Rosemary & How This Ancient Herb Has Modern Benefits | Amoils.com
Rosemary has a long standing association with healing and the prevention of sickness. The herb was burned during ancient religious ceremonies to purify the air. Today, rosemary is a popular source of essential oils used in natural formulations for various conditions. Healing Natural Oils produces such products from pure essential oils including rosemary.
Rosemary essential oil is mostly extracted from the leaves. The rosemary bush belongs to the mint family which includes basil, lavender, myrtle and sage. Rosemary essential oil is known to relieve pain in headaches, muscle pains, sore muscles, rheumatism and even arthritis. Massaging the part which is in pain with rosemary essential oil can give relief from that pain.
In the kitchen
- Rosemary is popular for its culinary uses but just be aware that the herb should be used sparingly to avoid it overpowering the dish because of its strong flavor.
- Rosemary leaf is renowned for adding a delicious flavor to lamb – cut into the skin of lamb to be roasted and insert small leaves into those cuts before popping into the oven.
- Use in bean and tomato dishes as well as on baked potatoes and in herb butter.
- Use small branches of rosemary (stripped of their leaves) as kebab skewers when barbecuing lamb or other meat cubes, onions and green peppers for an added flavor to the food. Scatter extra rosemary stems on the barbecue itself to keep insects away and for added flavor.
- When cooking, use a low heat for olive oil before adding rosemary and other herbs such as fresh bay leaves, thyme, sage, garlic or ginger to release their aroma, juices and oil with their antiseptic, antibacterial and antioxidant properties. The benefits of such herbs are threefold: firstly protecting against colds and flu; secondly keeping the blood vessels healthy and thirdly encouraging good circulation. In addition, rosemary, ginger and garlic will enhance the memory by increasing the blood flow to the brain while providing extra help for the circulatory system.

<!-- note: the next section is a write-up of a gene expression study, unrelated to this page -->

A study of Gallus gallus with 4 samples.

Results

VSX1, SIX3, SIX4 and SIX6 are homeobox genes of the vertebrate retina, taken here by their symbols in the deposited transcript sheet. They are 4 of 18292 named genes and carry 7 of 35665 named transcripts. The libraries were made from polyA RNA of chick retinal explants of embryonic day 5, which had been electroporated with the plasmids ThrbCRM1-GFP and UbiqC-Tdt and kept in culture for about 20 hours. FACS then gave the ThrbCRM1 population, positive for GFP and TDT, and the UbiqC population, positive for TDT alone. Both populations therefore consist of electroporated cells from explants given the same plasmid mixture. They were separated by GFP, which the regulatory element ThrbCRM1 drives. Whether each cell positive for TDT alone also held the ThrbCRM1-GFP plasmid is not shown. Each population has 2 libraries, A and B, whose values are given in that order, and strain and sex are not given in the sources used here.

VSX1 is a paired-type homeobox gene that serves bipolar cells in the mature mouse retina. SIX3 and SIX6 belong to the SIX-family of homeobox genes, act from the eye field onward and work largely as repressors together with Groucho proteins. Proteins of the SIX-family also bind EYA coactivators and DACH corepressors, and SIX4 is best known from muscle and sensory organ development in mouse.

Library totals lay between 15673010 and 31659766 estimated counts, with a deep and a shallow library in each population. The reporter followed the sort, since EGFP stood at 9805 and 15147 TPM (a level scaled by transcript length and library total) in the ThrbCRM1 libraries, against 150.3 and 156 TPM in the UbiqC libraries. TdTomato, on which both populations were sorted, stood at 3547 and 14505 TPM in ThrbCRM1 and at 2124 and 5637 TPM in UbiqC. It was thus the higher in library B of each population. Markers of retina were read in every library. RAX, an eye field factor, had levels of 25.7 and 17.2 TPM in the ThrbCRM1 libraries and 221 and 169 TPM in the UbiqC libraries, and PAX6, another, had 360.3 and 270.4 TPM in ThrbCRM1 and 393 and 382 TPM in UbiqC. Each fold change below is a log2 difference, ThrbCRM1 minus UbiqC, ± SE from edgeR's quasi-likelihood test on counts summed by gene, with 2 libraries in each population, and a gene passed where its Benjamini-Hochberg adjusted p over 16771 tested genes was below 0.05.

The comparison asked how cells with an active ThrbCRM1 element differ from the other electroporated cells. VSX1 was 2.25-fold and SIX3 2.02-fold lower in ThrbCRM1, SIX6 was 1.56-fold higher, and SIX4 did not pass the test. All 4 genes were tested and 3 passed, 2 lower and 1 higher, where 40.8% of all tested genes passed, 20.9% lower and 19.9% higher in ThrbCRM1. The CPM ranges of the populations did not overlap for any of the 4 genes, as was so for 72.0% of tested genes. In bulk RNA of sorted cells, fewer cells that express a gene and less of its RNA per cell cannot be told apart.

In the home
- Use rosemary in potpourri or the stems of the plant can be placed in linen cupboards to keep the contents fresh and sweet smelling.
- As a natural room freshener, choose a combination of up to 3 types of essential oils to total 20 drops. The oils will even purify the air during illness helping to prevent the spread of infection or disease. The best deodorizing oils are: bergamot, lemon, lime, pine and rosemary while the best purifying oils are: eucalyptus, cypress, lemon and peppermint. Combine your 20 drops with 200 ml of pure water in a glass spray bottle, shaking thoroughly before each spray to dispense the oils. One suggestion using rosemary is 6 drops rosemary, 8 drops lemon and 6 drops lavender – especially suitable for spraying in the bathroom or toilet.
- You can make a safe organic insecticide by mixing a teaspoon of rosemary oil with a can of beer. Spray onto any plants or other areas that are infested with insects.
- Use the dried herb of rosemary mixed with equal quantities of dried wormwood to sprinkle in cupboards, along skirting boards or between rows of vegetables as a natural pest repellent.
- When cleaning hard surfaces with any signs of mold, dampen the mold with a wet cloth to lessen the likelihood of airborne spores and use a few drops of rosemary essential oil to help destroy and control mold and the spores that result.
For your health
How to make a rosemary tea
- ¼ cup of fresh flowering rosemary tips
- 1 cup of boiling water
- Infuse for 5 minutes
- Sweeten with raw honey if preferred
Drink morning and evening for a maximum of 4 days to relieve physical and mental strain or as an ideal tonic for anyone who is convalescing from a serious illness or operation. As a natural fortifier, rosemary is extremely efficient during convalescence, increasing energy and optimism.
Many medicinal preparations contain rosemary oil with their various health benefits
For an anti-stress bath, add a few drops of rosemary oil straight to the bath water to soothe anxiety, headaches and other debilities.
It is not surprising that rosemary is considered to be a healing herb when its properties include those that are analgesic, antiseptic, antidepressant, anti-inflammatory, expectorant, antiviral, aphrodisiac and disinfectant.